Jolene Purdy, far right, in a promotional still from the fourth season of "Orange Is the New Black" Courtesy of Netflix

Despite being an actress, Jolene Purdy isn’t much of a movie-goer. She told NBC News she loves people so much that she’d prefer to engage in more social activities like grabbing coffee with friends or participating in the bowling league she joined with her husband. But she does consider herself to be a Netflix addict. She cites the Netflix original “Orange is the New Black” as the first show she had the privilege of binge-watching — fitting, considering she plays one of the show’s newest characters, Stephanie Hapakuka, in season four.

“Do you know what 'Netflix and chill' means?” she asked, lowering her voice and leaning forward. “I just found out what that meant. Horrible.”


Image: "Orange Is The New Black" New York City Premiere
NEW YORK, NY - JUNE 16: Actress Jolene Purdy attends "Orange Is The New Black" premiere at SVA Theater on June 16, 2016 in New York City. (Photo by Dimitrios Kambouris/Getty Images) Dimitrios Kambouris / Getty Images

“I tried to go to Japanese school in Gardena when I was younger, and because my last name is Purdy, they told me I couldn’t go,” Purdy said. “I couldn’t join the Japanese basketball leagues either, because I wasn’t Japanese enough. Those organizations are more lenient about that kind of thing now, but growing up hapa when there weren’t a lot of us back then was really hard.”

Navigating the musical theater scene, which Purdy became involved in at a young age, also proved to be difficult. Citing theater as “not a very Japanese thing to do,” Purdy said she found herself being too loud with her Asian-American friends, but feeling too shy in the drama department. The internal struggles seeped out into her external environment when it came to auditioning for school plays and musicals.

“I never did ‘The King and I’,” she said. “I never did ‘Miss Saigon.’ I was too white. But then I also never got cast in ‘The Sound of Music,’ because I’m Asian. I did play an orphan in ‘Annie,’ and was in other productions that aren’t so ethnicity-oriented. But the big battle for me was trying to figure out what I was enough of.”

Purdy took her first steps toward self-acceptance when, as a high school student, she auditioned for her first professional acting role — and booked the job. Released in 2001 and starring a young Jake Gyllenhaal, "Donnie Darko" has since gained a cult following, resulting in a director’s cut and countless fan sites packed with conspiracies. But possibly more iconic than Sparkle Motion or a time-traveling rabbit named Frank is Purdy’s character, a high school student named Cherita Chen, more notoriously known to fans as the “Chut Up” Girl.

It wasn’t difficult for Purdy to channel the unique, yet heavily-misunderstood Cherita, who at one point in the film dons a pair of earmuffs to protect herself from bullies. She used her own personal experience with bullying, along with a piece of sage advice from costar Gyllenhaal, to make Cherita memorable and relatable.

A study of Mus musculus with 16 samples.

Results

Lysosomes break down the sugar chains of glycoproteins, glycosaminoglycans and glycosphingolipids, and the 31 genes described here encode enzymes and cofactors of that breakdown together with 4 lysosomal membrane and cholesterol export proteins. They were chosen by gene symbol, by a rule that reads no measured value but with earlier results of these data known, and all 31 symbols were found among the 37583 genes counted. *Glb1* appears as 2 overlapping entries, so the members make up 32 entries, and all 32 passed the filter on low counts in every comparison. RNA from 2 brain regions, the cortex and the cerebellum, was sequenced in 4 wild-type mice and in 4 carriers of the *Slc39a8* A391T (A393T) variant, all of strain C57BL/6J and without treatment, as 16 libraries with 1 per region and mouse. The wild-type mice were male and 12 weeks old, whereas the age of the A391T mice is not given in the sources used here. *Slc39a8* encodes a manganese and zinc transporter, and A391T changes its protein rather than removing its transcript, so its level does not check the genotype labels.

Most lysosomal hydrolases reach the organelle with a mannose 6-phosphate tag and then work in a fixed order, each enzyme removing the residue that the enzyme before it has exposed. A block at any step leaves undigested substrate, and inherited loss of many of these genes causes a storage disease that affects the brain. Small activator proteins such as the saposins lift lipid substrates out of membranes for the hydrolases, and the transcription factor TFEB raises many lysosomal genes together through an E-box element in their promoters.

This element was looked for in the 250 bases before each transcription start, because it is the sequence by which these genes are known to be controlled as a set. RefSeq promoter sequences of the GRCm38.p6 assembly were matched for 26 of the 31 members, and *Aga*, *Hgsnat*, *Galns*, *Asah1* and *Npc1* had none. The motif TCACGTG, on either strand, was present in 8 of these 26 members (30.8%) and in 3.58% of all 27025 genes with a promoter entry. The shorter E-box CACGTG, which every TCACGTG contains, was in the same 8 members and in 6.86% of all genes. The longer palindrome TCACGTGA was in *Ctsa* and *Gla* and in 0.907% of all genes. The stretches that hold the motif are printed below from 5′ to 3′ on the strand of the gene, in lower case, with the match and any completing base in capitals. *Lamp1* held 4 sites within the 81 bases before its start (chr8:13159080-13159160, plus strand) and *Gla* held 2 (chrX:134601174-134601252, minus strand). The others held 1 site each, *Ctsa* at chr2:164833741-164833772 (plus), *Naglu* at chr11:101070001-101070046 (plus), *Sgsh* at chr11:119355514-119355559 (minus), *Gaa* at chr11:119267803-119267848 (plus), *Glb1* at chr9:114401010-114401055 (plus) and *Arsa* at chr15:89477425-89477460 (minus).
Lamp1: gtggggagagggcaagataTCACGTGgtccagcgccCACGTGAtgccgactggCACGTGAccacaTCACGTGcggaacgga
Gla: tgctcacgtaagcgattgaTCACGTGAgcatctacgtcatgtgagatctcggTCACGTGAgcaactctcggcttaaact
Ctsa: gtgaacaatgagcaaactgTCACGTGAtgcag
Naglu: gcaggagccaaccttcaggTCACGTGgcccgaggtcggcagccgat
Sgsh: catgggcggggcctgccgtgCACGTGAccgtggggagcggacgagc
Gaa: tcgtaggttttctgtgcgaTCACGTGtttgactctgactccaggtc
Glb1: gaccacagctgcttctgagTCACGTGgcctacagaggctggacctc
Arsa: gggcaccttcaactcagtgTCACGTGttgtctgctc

“When we wrapped, Jake walked me back to the trailer, and he said ‘you have to think about the impact you have as an actor, because someone is going to watch this scene and watch you, and they’re going to feel like they have someone who understands them,’” Purdy said. “Ever since, whenever I do a project, I always consider the impact it’s going to have on someone.”


The philosophy also applies to Purdy’s most recent role on “Orange Is the New Black” — a show where the inmates of a women’s federal prison are segregated by race and where racial stereotypes are cheekily tossed around and dissected in almost every episode.

“Growing up, people always asked me ‘what are you?’” Purdy said. “That’s a weird question: ‘What are you?’ Even in auditions, although casting agents aren’t allowed to ask you about your ethnicity, they’ll ask questions like ‘where are you from?’ In ‘Orange,’ I get to actually address that being a thing. The guard literally asks Hapakuka ‘what are you?’”

While the fictional Litchfield Penitentiary is segregated by cell blocks — white people in “The Suburbs,” Black people in “The Ghetto,” and Hispanic people in “Spanish Harlem” — the show’s Asian-American and Pacific Islander inmates fall into a gray area, something that hasn’t been directly addressed until this season.

In one episode, each cell block sends a representative to a secret prison meeting. Purdy’s Hapakuka attends, and when asked why she’s there, she responds “I represent the others.”

“Jenji [Kohan, ‘Orange Is the New Black’ creator] has given Asian Americans more of a voice this season, which I love,” Purdy said. “And after doing that scene, I thought, okay, Kimiko [Glenn, who plays another one of the show’s Asian-American characters and is also of mixed race] and I have to do a scene together next season.”

Purdy said she has received an overwhelming amount of attention in the month since season four’s release from mixed-race viewers who are thrilled to see someone that looks like them on the screen. It’s a new platform she hopes to carry with her as she moves into comedy — though, like her childhood idol Amy Hill, she’d like to try out as many roles as she can and avoid being pigeonholed.

“I’ve always had to check the ‘other’ box, and I find it interesting that people always want to put me in boxes,” Purdy said. “I’m too this, I’m too that. I’m not enough of this. I don’t want to be the token Asian character or the overweight girl. I think I’ve reached a point in my life where I’m like, f—k it, I’ll create my own box.”